How will I get caught if I misuse Independent Contractors?
If workers are are not classified correctly the employer will get caught. Employers get caught though various channels. These main ways that they get caught cover everything from employees reporting the abuse to IRS audits.
Worker Files a Workers Compensation Claim
If a worker gets hurt on the job and they are an independent contractor they are not covered under workers comp insurance. If an independent contractor is hurt on the job and they do not have their own workers comp policy they will often file a claim against the employer. If it is found that the independent contractor should have been classified as an employee than the employer will be required to pay the medical expenses out of pocket for the injured worker.
Employee Reports Misclassification
Classifying an employee incorrectly as an independent contractor has several consequences that affect governments and workers. Employers who do not classify employees correctly are failing to provide unemployment insurance (UI) and workers’ compensation (WC) as well as failing to pay employer withholding taxes leaving workers with large tax bills.
Employees who believe they have been misclassified as independent contractors have several avenues for resolution. These suggestions are not intended to substitute for legal advice, nor are they intended to be an exhaustive list of available options or remedies.
First, workers can contact their state departments of revenue and labor to report suspected misclassification, including UI, WC, and tax fraud. Many states give workers the option of anonymously reporting employers who are erroneously misclassifying employees as independent contractors.
Second, if the employer has classified the employee incorrectly as an independent contractor and paid less than minimum wage or failed to pay overtime, then the worker may can contact the U.S. Department of Labor Wage and Hour Division to report minimum wage and overtime pay violations.
Third, workers can anonymously report suspected tax fraud (employer failure to withhold taxes) to the Internal Revenue Service (IRS) by using Form 3949-A. Workers can also file Form SS-8 with the IRS for a determination of worker status. Form SS-8 CANNOT be filed anonymously.
Worker Files an Unemployment Claim
An audit is often triggered by a former worker applying for unemployment insurance, which is taken as an assertion that the person was an employee of your company and entitled to unemployment payments.
When an individual files an unemployment claim, the taxing agency looks for the wages reported by the employer. When there are no wages reported, this could trigger an audit. It begs the question “Why does this worker not have any taxes paid into the unemployment fund by their employer?”
The business is flagged by the state for using independent contractors and the state starts an audit to investigate the potential abuse.
Businesses that either use independent contractors to supplement their workforces or that operate on the basis of independent contractor business models have also been targeted increasingly by plaintiffs’ class action lawyers. Independent contractor misclassification lawsuits have mushroomed against both large and small businesses. Almost no industry is free from these types of lawsuits,
The Audit Process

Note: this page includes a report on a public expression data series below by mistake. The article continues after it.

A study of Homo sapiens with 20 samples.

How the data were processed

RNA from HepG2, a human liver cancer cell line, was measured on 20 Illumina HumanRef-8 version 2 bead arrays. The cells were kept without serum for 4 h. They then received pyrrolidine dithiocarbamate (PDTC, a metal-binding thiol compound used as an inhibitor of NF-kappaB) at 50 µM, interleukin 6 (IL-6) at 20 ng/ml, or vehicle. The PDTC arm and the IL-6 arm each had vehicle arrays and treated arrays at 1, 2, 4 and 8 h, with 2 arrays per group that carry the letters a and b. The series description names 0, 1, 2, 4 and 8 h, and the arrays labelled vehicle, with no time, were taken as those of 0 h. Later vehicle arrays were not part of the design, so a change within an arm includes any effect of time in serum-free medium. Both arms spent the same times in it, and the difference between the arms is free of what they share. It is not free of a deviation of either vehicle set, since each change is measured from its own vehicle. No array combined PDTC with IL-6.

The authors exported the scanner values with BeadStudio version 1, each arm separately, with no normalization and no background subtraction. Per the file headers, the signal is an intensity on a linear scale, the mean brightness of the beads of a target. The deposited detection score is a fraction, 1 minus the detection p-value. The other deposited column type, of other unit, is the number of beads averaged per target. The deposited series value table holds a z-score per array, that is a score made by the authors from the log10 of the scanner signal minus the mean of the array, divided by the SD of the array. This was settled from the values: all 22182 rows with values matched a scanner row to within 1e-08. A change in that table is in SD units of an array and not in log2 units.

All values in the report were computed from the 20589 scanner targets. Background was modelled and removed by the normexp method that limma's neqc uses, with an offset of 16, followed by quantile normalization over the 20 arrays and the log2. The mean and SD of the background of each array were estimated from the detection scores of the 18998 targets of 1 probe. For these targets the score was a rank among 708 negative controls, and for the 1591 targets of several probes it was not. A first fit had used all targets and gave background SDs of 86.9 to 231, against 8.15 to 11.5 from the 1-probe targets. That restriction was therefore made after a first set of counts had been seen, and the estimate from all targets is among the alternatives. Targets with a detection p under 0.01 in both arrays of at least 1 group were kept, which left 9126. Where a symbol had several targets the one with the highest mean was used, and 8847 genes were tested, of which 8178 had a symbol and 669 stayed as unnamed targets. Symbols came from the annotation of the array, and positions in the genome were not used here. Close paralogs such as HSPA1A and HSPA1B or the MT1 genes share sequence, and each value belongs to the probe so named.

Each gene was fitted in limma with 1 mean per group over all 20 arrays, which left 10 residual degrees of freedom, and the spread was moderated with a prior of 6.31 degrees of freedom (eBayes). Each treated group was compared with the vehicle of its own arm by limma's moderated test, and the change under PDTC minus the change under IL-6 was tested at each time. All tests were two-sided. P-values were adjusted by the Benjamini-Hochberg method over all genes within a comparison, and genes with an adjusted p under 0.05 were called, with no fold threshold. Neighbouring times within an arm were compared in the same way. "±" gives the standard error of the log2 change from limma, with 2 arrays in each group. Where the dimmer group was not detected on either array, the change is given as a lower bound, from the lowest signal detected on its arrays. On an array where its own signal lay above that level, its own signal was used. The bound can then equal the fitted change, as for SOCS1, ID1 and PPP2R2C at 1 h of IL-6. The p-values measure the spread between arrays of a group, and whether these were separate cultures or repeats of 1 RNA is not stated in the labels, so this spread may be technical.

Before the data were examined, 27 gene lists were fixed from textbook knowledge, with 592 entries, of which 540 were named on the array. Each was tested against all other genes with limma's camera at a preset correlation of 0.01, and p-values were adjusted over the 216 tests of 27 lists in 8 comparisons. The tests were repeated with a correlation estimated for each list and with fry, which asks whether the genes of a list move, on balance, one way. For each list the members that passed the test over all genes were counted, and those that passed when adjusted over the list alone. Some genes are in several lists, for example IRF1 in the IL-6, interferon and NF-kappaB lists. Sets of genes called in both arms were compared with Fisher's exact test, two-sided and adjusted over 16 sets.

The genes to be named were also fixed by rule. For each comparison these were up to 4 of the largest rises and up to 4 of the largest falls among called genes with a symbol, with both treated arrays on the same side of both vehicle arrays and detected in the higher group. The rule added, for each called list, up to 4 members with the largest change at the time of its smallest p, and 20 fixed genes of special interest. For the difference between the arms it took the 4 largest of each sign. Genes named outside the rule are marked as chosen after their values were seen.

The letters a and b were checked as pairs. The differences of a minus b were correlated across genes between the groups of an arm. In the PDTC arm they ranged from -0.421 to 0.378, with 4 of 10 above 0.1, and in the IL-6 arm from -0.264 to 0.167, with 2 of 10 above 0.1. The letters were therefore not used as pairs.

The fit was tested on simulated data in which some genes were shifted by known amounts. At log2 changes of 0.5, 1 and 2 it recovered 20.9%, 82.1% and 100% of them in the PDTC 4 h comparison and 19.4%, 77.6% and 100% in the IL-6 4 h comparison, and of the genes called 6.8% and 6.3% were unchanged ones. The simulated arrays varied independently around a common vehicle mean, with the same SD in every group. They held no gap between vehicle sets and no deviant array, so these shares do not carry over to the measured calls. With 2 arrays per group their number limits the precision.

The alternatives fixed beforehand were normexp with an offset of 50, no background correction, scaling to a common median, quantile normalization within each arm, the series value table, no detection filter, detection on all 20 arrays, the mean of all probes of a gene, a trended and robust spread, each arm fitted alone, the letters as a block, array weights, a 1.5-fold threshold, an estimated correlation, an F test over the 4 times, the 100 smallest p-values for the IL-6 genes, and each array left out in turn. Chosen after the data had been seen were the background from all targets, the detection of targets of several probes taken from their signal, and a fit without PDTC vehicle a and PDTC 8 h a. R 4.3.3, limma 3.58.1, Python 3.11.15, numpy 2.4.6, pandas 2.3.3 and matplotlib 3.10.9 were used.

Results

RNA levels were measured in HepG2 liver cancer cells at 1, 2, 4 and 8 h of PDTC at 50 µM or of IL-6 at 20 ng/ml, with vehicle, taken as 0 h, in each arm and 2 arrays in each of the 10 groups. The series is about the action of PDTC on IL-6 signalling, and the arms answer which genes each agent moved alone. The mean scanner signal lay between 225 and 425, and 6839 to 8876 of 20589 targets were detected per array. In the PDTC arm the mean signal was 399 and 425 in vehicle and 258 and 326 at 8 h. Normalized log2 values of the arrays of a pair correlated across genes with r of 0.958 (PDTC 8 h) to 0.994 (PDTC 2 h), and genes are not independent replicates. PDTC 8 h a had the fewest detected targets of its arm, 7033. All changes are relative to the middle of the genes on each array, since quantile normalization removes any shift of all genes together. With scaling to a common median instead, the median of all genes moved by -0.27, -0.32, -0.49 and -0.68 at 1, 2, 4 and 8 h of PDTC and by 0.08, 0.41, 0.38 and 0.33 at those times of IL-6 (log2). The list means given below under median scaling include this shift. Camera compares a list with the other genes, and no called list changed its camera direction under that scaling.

An audit begins with a formal notification of audit through postal mail. The auditor will send a list of requested documentation and a pre-audit questionnaire.
A minimum documentation request includes:
- Verification of business ownership
- Check registers and stubs
- Bank statements and canceled checks
- General ledger and journal
- Annual financial statements
- Vouchers and pay-out slips
- Forms 1099
The pre-audit questionnaire is designed to elicit admissions and give the auditor enough information to develop an audit plan. You must carefully plan your responses to avoid problems later. If you have not yet consulted a skilled tax attorney, this would be a good time to do so. A tax attorney can help you minimize admissions that could cause problems down the road.
An audit typically covers a three-year period unless circumstances arise that cause the auditor to go back further.
When it comes to employment classification, the auditor has the discretion to define and apply a list of factors to determine whether a worker is an employee or an independent contractor, which brings us around to the relationship between employment classification and payroll tax audits.
The EDD auditors always assess the factors, used to determine employment classification (which are highly subjective) in their favor; therefore, it is more difficult to convince them that a contractor is not an employee.
Potential Audit Results and Penalties
An audit can result in one of four outcomes:
- No change, meaning no differences were found
- Overpayment, in which a refund or credit is issued
- Underpayment, meaning the difference will be assessed and charged to you
- Both underpayment and overpayment
Demand for payment of penalties, interest, and back taxes within 30 days is usually made. If you cannot pay this in full within the time allotted, a 10% penalty will be added. Penalties often drive EDD audits because the penalties can exceed the taxes owed in certain conditions.
As you can see, an adverse audit decision can cause substantial payroll tax liabilities for your business. To add to the issue, the IRS generally adopts the conclusion of the EDD auditor and assesses federal payroll taxes, interest, and penalties. Filing for bankruptcy will not resolve the problem with the EDD.
If you are classifying your employees as independent contractors you will get caught eventually through one of many channels listed above. It is better to change your employee classification then to wait and get caught. Please contact me if you need assistance. You can reach me by phone or email me email@example.com.